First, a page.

There's a spirited debate going on between those who think à la carte downloads are the key to music's digital future and those who see subscription services as the cure for what ails the music b

Ken Schlager is co-executive editor of Billboard.

There's a spirited debate going on between those who think à la carte downloads are the key to music's digital future and those who see subscription services as the cure for what ails the music business.

We certainly understand why the subscription concept is gaining support and why such big Web brands as Yahoo, Napster and RealNetworks are betting heavily on the model.

To this camp it looks attractive to treat music like a utility. A consumer can turn on the switch, and all the music he or she wants is there for the enjoyment -- albeit with strings (or "tethers") attached.

All the user has to do is pay one monthly fee, whether it's $9.95 for a basic subscription to Napster or RealNetworks' Rhapsody, or the aggressive $6.99 price tag that Yahoo recently pinned to its all-in service. (Yahoo's offering includes portability. That feature runs another $5 monthly at Yahoo's rivals.)

The price points look attractive -- although it's unclear whether any of the services can turn a profit with their current business models.

But we think the conversation misses the point. Music subscription services will not be primarily competing with each other or with à la carte download sites like iTunes and Rather, subscription services will battle for consumer bucks with a battalion of other media and entertainment subscriptions that in recent years have crowded their way onto credit card statements across America.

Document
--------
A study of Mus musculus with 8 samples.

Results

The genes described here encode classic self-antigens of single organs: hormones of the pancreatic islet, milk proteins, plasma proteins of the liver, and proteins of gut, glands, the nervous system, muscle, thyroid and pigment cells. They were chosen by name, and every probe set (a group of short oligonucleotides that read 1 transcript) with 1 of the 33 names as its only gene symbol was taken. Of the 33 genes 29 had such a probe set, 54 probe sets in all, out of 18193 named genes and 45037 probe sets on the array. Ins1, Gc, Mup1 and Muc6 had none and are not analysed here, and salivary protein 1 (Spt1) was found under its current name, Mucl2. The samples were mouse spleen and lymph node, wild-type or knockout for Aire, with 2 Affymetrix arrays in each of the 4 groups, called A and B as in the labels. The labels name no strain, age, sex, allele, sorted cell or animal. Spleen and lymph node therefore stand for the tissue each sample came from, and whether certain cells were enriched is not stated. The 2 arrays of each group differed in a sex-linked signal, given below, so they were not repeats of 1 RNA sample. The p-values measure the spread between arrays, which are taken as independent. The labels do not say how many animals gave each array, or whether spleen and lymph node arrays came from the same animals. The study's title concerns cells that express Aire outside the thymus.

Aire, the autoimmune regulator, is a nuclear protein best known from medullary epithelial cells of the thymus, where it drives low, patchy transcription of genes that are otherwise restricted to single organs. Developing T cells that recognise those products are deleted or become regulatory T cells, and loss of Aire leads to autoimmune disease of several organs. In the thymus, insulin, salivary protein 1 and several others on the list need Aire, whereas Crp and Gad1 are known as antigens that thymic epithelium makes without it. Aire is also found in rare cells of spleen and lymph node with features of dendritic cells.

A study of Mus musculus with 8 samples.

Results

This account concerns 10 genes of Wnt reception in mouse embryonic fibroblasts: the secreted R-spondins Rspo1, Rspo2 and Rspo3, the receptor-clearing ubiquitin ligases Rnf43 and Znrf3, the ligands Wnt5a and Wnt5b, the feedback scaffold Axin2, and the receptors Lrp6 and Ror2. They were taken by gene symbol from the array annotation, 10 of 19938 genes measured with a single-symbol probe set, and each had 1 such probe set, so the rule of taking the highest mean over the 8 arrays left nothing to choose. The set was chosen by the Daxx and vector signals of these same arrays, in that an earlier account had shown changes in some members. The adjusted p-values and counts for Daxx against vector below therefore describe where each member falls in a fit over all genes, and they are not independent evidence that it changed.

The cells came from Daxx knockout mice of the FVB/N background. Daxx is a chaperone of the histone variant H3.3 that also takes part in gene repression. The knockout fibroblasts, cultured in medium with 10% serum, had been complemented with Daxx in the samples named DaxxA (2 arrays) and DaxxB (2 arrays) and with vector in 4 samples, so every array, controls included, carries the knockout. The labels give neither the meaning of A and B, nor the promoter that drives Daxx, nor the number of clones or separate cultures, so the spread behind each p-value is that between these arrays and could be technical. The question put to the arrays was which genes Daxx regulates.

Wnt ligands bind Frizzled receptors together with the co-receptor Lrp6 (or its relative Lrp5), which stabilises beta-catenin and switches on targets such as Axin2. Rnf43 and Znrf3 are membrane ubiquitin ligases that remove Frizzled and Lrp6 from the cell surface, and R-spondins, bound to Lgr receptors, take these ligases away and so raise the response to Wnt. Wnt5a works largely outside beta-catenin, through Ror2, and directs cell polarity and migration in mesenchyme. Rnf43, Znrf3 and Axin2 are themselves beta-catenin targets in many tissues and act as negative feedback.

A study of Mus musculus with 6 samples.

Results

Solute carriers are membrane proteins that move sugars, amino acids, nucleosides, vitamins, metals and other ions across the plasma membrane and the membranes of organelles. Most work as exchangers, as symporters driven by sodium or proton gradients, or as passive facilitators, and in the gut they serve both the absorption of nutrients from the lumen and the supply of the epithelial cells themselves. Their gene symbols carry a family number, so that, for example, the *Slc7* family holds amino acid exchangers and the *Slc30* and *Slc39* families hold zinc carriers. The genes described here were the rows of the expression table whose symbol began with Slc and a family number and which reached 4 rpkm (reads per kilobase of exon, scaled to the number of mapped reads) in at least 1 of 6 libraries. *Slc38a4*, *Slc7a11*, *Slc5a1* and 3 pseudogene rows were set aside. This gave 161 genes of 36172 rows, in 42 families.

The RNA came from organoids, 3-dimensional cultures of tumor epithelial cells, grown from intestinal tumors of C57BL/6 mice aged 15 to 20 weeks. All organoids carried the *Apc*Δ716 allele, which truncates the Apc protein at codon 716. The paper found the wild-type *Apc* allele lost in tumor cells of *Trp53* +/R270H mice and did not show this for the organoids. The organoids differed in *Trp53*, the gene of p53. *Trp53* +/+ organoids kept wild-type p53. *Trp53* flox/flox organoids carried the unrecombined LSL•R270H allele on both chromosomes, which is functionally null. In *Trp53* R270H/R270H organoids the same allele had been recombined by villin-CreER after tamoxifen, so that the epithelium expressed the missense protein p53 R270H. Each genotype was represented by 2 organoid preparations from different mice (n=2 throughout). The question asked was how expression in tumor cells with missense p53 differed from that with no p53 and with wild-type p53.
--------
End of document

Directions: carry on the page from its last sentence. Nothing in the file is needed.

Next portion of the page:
At a time when disposable dollars are stretched thin by rising prices on just about everything, American consumers have been hit with a stealth campaign for a whole truckload of subscription services they never knew they needed.

Does anyone remember free TV? Nowadays a typical cable TV bill is about $50. Make that digital cable, and you'll pay $85-$105.

Prefer to keep your basic cable and go with an online video service? A Blockbuster or Netflix subscription will set you back $15-$18 every Visa bill. Still, you'll want to include a cable modem with your TV service. That's another $45 a month.

Now, how about phone service? Despite good old reliable "land lines," we've all got to have a cell phone. If you are a family of four, that's a minimum of $90 per month. If two members of that family of four happen to be of the teenage variety, you can count on another $10 per month for such "necessities" as ringtones and text messaging. And if mobile carriers have their way, the latter number will soon increase.

Speaking of teens, let's not forget that Xbox Live subscription. A mere $50 annually. Zap!

Of course, no self-respecting music fan can go without a satellite radio subscription. XM or Sirius will set you back $12.95 monthly. Pow!

A little quick arithmetic (no subscription needed), and we're now up to about $247 each month for digital cable, broadband access, cell phone service, ringtones, Xbox and satellite radio.

The music subscription services are hoping another $10 per month for access to unlimited tunes will just be another small ripple in this pool for most consumers. And they may be right.

But at some point, bill-paying Americans are going to hit the wall. If they are paying for Sirius, do they seriously need another service to load up another portable music player? If their kids have a game habit, are they going to support their music jones as well?

What's more, while consumers are accustomed to TV viewing, radio listening and telephoning as ephemeral experiences, maintaining a permanent collection of musical favorites -- whether in LP, CD or digital form -- continues to be a compelling proposition. Under the subscription model, access to those favorites is lost if the subscription is canceled.

How passionate will consumers be about music as a utility? We suspect they'll run hot and cold.